The US Patent Office is insane. The only requirement for a patent for an obvious thing like throwing a stick for a dog is that nobody else has already patented it. So you can start suing people for doing an action you "own".
Apple patents the paper bag.
The patent was filed in March and published by the US Patent and Trademark Office last week. The retail vessel carries a beautifully simple name—“bag”—and Apple describes it thusly:
A paper bag is disclosed. The paper bag may include a bag container formed of white solid bleached sulfate paper with at least 60% post-consumer content.
Will the USPTO grant the patent? That's anybody's guess. They've certainly granted some questionable ones, both for tangible inventions and for software.
Apple sues Samsung for all of its phone profits because a screen has three horizontal rectangles with a square below. Apple patented the "design" of three rectangles with a square on September 27, 2016.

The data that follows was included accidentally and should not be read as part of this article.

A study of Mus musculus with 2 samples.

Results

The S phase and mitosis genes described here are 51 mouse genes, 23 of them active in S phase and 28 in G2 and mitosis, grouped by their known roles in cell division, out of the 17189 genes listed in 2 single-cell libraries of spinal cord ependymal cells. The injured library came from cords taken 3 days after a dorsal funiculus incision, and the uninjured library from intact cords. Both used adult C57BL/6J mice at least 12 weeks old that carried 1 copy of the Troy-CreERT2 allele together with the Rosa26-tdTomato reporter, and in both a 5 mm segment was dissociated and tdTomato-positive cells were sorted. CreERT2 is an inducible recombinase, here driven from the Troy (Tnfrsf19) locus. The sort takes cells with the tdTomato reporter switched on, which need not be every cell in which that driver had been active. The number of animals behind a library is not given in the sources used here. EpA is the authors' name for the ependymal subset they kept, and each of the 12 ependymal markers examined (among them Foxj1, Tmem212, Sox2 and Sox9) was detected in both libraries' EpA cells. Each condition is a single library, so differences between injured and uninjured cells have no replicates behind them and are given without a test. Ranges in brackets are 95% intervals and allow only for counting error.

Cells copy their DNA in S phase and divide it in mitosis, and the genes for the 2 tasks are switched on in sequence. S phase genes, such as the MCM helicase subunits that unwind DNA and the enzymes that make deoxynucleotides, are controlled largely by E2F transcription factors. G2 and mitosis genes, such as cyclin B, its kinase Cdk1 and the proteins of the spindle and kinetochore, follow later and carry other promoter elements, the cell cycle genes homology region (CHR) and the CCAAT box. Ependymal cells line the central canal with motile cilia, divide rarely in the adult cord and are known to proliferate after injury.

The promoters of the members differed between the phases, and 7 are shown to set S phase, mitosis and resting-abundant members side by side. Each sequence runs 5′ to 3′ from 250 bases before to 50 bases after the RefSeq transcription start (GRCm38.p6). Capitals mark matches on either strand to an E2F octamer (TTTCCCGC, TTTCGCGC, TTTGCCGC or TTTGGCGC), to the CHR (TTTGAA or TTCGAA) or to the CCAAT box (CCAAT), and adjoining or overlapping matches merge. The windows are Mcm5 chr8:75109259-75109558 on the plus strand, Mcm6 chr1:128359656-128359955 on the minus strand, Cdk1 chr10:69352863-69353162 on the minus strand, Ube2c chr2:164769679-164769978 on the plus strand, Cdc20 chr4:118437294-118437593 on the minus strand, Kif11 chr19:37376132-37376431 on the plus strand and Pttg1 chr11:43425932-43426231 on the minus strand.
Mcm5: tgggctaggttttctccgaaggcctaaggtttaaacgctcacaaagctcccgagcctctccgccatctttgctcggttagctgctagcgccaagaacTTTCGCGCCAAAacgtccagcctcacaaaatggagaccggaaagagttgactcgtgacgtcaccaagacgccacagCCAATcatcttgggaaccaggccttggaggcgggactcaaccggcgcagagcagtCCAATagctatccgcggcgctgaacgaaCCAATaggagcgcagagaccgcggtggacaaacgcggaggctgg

Design patents, unlike the utility patents we usually feature, consist only of a single claim followed by pictures. It is generally the pictures that inform the public as to what is claimed. Importantly, in a design patent only the features drawn in solid lines are claimed. Anything in dotted lines is generally not part of the claim.
The only thing claimed in this design patent are the three rectangles at the top and the square beneath them. This patent is both remarkably trivial and remarkably easy to be accused of infringing.
Below is the sole picture from the patent showing the patented design: [emphasis mine]
… under current law, if someone is found to infringe a design patent, the patent owner can argue that it is entitled to all of the profits from that website.
… the Patent Office still issues patents on trivial designs at an alarming rate.
According to this patent, Apple can sue you if any of your screens has three rectangles in a row with a square somewhere below.
My guess is that a random sample of a thousand websites will get a hit on this design infringement in 90% of cases. So Apple could sue everybody, theoretically, and own the world.